Saturday, November 5, 2016

Attaining great function in life

The great book "The Book of Family Traditions on the Art of War" by samurai Yagyu Munemori gives a shrewd account of what attaining great function is:
"When marvels come forth immediately and naturally at the appropriate time because the potential is always there within, this is called great function."
"Encountering someone with the great potential ia like a mouse running into a cat." In the warrior's view, the mouse is mesmerized by the cat.

Have you ever encountered someone with great charisma, with stalking power?

Not talking about physical beauty and prominent features here, but that someone with an aura of seducing strength, warmth and comfort. Someone that's still in your mind long after they're gone. Where does that come from ? That comes from "great functionality" and the samurai tells us "All the great positions, grabbing a blade, kicking someone down, are great function when you attain independence, beyond what you have learned." 

In the battlefield,  "It is the swordless art of not getting killed when you have no sword."
If you have no sword, than what do you have ? You do have your mind, presumably. What kind of mind ?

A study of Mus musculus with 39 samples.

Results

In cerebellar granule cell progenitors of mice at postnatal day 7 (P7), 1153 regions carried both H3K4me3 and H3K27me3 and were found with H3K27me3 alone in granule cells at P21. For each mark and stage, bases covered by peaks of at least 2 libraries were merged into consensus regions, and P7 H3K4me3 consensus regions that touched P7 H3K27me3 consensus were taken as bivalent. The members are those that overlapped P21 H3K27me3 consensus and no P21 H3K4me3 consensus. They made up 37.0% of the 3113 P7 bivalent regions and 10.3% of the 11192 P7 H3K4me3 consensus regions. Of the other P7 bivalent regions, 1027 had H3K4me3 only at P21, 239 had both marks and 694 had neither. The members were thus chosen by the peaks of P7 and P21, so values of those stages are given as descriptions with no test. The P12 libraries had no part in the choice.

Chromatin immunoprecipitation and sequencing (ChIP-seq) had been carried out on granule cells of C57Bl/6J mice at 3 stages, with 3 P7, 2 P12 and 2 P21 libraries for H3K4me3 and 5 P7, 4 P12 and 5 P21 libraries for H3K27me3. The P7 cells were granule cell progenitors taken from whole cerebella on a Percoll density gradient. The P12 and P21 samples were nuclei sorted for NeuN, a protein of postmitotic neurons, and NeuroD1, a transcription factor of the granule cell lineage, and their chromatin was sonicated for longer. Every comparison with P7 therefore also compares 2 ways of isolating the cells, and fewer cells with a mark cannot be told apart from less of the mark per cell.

"It is the mind,
That is the mind,
Confusing the mind,
O mind,
To the mind." -P. 101

This riddle of "no mind" can also be described as the flow mind or non-attached mind. "If your mind stops and stays somewhere, you will be defeated in martial arts."-page 105 

Do you have the "quiescent" sword ? 

"When you stabilize the spirit in situations where swords are quiescent, thereby all sorts of marvels appear in the hands and feet, causing flowers to bloom in battle.
The spirit is the master of the mind. The spirit resides within, employing the mind outside. This mind, furthermore, employs psychic energy. Employing psychic energy in external activities for the sake of the spirit, if this mind lingers in one place, its function is deficient.
Therefore it is essential to make sure that the mind is not fixated on one point."

It seems the mesmerizing mind is the "no-mind", not fixed to any particular destination, outcome or spatial thing. Can this be applied in today's world ?

If you read Jeffrey Pfeffer book "Power: Why Some People Have It—and Others Don't", power in the corporate world needs to be taken decisively, with self promotion and engaging networking effects as tools. Since we live in an ultracompetitive world, I tend to agree with that. The question is, can the "mesmerizing", unmovable mind of the samurai help to attain that power in society and life in general ? Moreover, since [most] people are not trained in martial arts and are certainly not living in the killing fields of ancient Japan,  is it possible to develop the "no mind" functionality described in the ancient text ?

I want to have that "no mind" power if it can advance my career. More on that: Part 2 is for email subscribers only: subscribe to my newsletter to get it.